Japan on Thursday marked 75 years since the world’s first atomic bomb attack, with the coronavirus pandemic forcing a scaling back of ceremonies to remember the victims.
Survivors, relatives and a handful of foreign dignitaries attended this year’s main event in Hiroshima to pray for those killed or wounded in the bombing and call for world peace.
But the general public was kept away, with the ceremony instead broadcast online.
Participants, many of them dressed in black and wearing face masks, offered a silent prayer at exactly 8:15 am (2315 GMT Wednesday), the time the first nuclear weapon used in wartime was dropped over the city.
Speaking afterwards, Hiroshima mayor Kazumi Matsui warned against the nationalism that led to World War II and urged the world to come together to face global threats, like the coronavirus pandemic.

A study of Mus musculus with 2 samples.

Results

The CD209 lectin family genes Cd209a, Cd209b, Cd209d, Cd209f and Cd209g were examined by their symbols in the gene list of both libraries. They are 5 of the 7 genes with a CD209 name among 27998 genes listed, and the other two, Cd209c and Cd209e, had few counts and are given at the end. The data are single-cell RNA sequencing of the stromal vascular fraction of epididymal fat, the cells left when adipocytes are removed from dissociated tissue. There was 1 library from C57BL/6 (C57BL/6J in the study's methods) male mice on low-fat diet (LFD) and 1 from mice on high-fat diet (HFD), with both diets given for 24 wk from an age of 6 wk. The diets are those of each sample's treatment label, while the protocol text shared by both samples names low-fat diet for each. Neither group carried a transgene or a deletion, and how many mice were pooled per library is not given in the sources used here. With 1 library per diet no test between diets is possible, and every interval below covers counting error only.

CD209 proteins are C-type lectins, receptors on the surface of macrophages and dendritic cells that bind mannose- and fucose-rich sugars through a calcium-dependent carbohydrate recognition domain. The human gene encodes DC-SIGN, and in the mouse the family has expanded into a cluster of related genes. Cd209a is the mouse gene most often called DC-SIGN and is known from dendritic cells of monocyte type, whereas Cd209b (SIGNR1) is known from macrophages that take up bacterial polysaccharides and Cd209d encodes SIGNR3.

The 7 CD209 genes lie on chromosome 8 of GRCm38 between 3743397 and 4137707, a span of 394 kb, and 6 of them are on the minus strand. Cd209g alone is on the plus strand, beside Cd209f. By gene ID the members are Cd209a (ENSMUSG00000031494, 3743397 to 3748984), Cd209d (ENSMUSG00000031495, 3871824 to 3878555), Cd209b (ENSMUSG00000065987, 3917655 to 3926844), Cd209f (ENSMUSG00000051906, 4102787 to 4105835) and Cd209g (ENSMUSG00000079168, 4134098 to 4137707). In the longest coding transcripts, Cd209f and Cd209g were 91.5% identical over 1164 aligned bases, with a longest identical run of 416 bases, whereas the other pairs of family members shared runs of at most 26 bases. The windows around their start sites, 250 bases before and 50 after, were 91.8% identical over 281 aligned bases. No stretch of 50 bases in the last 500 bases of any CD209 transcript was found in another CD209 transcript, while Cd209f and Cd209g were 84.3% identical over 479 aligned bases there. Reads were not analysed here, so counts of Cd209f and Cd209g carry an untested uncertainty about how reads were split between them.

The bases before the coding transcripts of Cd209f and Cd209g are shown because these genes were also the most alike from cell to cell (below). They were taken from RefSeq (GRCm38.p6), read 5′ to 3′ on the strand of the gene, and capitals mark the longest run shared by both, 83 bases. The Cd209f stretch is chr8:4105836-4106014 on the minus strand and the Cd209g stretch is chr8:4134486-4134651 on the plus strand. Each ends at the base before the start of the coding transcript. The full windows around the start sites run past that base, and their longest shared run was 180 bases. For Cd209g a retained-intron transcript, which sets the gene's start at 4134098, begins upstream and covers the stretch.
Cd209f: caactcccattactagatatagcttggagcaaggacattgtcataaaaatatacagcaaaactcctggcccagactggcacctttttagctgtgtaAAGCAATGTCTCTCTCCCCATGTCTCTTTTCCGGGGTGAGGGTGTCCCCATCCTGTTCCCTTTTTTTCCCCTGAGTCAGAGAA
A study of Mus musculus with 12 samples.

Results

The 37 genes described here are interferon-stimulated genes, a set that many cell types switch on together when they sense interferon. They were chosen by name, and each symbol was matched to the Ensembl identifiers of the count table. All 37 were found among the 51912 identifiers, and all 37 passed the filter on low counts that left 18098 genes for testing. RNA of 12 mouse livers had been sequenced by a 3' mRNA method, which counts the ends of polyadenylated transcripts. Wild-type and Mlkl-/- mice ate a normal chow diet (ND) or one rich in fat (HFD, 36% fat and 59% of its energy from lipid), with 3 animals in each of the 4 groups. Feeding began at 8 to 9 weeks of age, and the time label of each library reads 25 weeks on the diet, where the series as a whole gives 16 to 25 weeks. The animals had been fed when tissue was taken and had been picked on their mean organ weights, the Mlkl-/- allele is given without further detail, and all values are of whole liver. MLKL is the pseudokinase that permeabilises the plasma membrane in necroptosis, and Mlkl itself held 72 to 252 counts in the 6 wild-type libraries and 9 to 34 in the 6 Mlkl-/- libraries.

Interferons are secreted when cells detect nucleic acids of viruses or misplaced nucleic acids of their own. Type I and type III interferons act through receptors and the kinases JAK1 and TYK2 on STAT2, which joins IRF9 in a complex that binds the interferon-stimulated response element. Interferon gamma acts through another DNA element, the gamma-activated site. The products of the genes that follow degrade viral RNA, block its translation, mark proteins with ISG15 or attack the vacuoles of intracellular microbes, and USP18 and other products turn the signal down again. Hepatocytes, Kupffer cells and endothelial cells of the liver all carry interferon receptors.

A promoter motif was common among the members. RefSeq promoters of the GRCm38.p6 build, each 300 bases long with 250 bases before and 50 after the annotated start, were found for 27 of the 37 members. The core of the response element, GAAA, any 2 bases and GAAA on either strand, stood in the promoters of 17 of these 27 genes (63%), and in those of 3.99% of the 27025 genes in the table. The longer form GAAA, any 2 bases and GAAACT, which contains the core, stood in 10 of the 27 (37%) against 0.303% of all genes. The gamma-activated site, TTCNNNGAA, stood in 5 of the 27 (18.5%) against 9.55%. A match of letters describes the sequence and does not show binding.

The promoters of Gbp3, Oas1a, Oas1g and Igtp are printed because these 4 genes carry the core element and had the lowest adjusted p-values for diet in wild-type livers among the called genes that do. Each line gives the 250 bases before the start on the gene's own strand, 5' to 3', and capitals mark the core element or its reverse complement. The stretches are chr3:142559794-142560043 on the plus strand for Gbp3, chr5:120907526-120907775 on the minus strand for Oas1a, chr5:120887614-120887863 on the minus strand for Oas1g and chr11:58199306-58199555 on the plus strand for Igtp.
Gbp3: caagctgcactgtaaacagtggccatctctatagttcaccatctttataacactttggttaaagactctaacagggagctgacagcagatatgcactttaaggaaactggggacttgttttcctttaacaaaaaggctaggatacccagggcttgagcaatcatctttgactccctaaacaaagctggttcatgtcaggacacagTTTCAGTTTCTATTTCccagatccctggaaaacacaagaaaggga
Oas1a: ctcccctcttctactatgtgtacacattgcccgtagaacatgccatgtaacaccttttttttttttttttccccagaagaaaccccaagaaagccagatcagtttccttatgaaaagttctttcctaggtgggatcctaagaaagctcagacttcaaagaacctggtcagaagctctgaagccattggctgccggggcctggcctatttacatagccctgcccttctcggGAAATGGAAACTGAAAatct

“We must never allow this painful past to repeat itself. Civil society must reject self-centred nationalism and unite against all threats,” he said.
Japan’s Prime Minister Shinzo Abe, who has been criticised by some for his attempts to revise a key pacifist clause of the country’s constitution, pledged in his address to “do my best for the realisation of a world without nuclear weapons and peace for all time”.
And UN Secretary General Antonio Guterres, who addressed the gathering by video message because of the pandemic, warned that “the only way to totally eliminate nuclear risk is to totally eliminate nuclear weapons”.
The bomb attack on Hiroshima killed around 140,000 people, many of them instantly, with others perishing in the weeks and months that followed, suffering radiation sickness, devastating burns and other injuries.
Three days later, the United States dropped a second atomic bomb on Nagasaki, where 74,000 people were killed.